The RBI’s sharp interest rate hike has raised some questions about its impact on fixed income mutual funds. While there is no doubt been an impact, it’s more in the nature of the confirmation and cementing of an existing situation rather than anything new. Certainly, whenever interest rates rise, there is an impact on the price of debt securities and thus there should be a fall in the NAVs of funds that are holding these securities. Currently, rates have been on their way up steadily since February 2010, and no one can realistically say, with any certainty when and where this trend will halt or reverse. The finance minister himself has said that this may not be the last hike.
However, this impact of rate hikes is proportional to the residual maturity of the securities. For securities that are maturing within a few weeks or months, this impact is minimal. And as it happens, the fixed income mutual fund market has moved decisively away from long-maturity securities a long time ago. While the magnitude of the RBI’s rate hike may have been a bit of a surprise, its general direction was exactly as expected and was part of a long-established trend. For over two years now, investor money has been moving out of the longer-maturity mutual funds, and these funds have themselves been shortening their maturity for whatever money remains in them.
This trend actually dates back to before the current trend of rate hikes. In general, the structure of the fixed income debt fund market has changed. Investors are less inclined to try and ride interest rate movements. In an environment where rates primarily go up and may start receding only at some point in the future, there is simply no sense in investing in funds that may invest in long-maturity securities. Fixed income investors are very safety-oriented and any prospect of loss is quite a serious matter.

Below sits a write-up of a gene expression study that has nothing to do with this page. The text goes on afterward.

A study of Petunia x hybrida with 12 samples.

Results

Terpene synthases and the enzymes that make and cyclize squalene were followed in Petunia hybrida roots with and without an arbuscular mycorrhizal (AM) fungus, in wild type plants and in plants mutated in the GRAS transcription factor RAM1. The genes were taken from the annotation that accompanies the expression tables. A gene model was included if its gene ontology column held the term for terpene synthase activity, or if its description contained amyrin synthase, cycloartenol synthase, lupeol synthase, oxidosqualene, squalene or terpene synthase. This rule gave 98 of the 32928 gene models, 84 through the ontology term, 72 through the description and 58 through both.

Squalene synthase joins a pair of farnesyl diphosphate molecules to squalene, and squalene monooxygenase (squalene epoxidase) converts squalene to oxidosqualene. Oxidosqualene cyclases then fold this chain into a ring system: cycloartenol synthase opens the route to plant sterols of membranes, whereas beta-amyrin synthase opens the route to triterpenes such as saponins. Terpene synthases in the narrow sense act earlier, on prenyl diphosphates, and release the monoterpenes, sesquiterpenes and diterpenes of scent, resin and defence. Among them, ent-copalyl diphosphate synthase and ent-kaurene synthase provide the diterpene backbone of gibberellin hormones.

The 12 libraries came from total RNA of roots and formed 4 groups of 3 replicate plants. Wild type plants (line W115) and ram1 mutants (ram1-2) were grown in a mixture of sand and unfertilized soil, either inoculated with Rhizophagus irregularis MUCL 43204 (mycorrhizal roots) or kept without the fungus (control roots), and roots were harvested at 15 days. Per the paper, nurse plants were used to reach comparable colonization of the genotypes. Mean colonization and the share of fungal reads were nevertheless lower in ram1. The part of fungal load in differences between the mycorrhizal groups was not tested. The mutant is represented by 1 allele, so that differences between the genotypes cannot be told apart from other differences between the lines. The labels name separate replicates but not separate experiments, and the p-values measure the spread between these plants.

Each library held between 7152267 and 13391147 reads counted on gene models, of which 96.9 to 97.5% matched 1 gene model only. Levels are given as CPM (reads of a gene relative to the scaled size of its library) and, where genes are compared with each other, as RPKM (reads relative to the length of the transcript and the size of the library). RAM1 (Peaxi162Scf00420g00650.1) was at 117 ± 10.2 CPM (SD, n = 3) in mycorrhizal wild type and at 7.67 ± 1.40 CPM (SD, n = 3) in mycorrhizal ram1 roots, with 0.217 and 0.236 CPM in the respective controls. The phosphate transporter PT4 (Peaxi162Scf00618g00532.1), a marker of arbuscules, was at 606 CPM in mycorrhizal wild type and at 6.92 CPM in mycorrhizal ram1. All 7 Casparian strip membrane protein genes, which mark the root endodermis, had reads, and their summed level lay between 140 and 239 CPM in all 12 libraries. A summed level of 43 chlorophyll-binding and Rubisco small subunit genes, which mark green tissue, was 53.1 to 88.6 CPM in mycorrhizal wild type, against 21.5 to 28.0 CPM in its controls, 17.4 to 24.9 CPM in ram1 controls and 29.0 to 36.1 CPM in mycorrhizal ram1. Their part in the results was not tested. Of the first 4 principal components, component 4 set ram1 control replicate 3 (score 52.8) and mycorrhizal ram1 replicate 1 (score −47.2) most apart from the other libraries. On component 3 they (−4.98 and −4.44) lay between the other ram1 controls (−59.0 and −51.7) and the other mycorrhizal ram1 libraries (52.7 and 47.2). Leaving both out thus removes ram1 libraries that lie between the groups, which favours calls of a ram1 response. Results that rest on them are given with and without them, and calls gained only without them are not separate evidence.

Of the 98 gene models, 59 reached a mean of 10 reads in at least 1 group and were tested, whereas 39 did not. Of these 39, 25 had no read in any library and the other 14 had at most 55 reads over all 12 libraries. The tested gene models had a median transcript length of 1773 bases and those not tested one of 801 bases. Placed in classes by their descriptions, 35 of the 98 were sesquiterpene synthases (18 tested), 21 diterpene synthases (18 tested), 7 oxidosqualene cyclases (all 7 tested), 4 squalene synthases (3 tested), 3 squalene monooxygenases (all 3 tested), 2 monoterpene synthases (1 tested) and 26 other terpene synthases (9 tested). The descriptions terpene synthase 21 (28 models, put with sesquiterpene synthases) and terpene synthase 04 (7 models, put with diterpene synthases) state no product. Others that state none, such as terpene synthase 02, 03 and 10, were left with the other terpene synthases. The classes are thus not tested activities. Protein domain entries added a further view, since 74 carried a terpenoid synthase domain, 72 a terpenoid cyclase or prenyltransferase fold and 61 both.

So if longer-term funds are out, then where has the smart investor money gone now? The answer depends on how much liquidity they need. If the money needs to be on call, then it has to be in an open-end fund and that means short maturity funds. However, if you are ok with the money being locked away for a longer period of time—like a year—then Fixed Maturity Plans (FMPs) are a great option. FMPs are closed-end funds so the fund manager is not constrained by the market price of securities or anything like a rate change. The investor’s yield is determined solely by the coupon—interim NAV movements during the fund’s tenure are irrelevant. For the investor, this basically makes these funds a deposit. It is true that unlike a deposit, investors don’t have a clear promise of what the returns will be, but in practice, all FMP investors have a good idea of what they are going to make.
Currently, investors can expect about 9.7 per cent of returns from one year FMPs that have started in recent weeks. About a year back, this number was about 8.25 per cent. Going forward, even higher returns can be expected. And if you take the dividend plan, then the returns are obtained in a more tax-efficient manner than equivalent bank deposits. All in all, this makes FMPs the one class of mutual funds that will not only not be harmed by the rate hike, but will actually benefit out of it.
However, all things said and done, debt funds in India are used almost purely by corporates. Even though they offer some returns and tax advantages over bank deposits, individual investors don’t perceive the advantage to be worth it at the scale they invest. For a business which is investing crores or tens of crores and has finance professionals on board, the differential is big enough.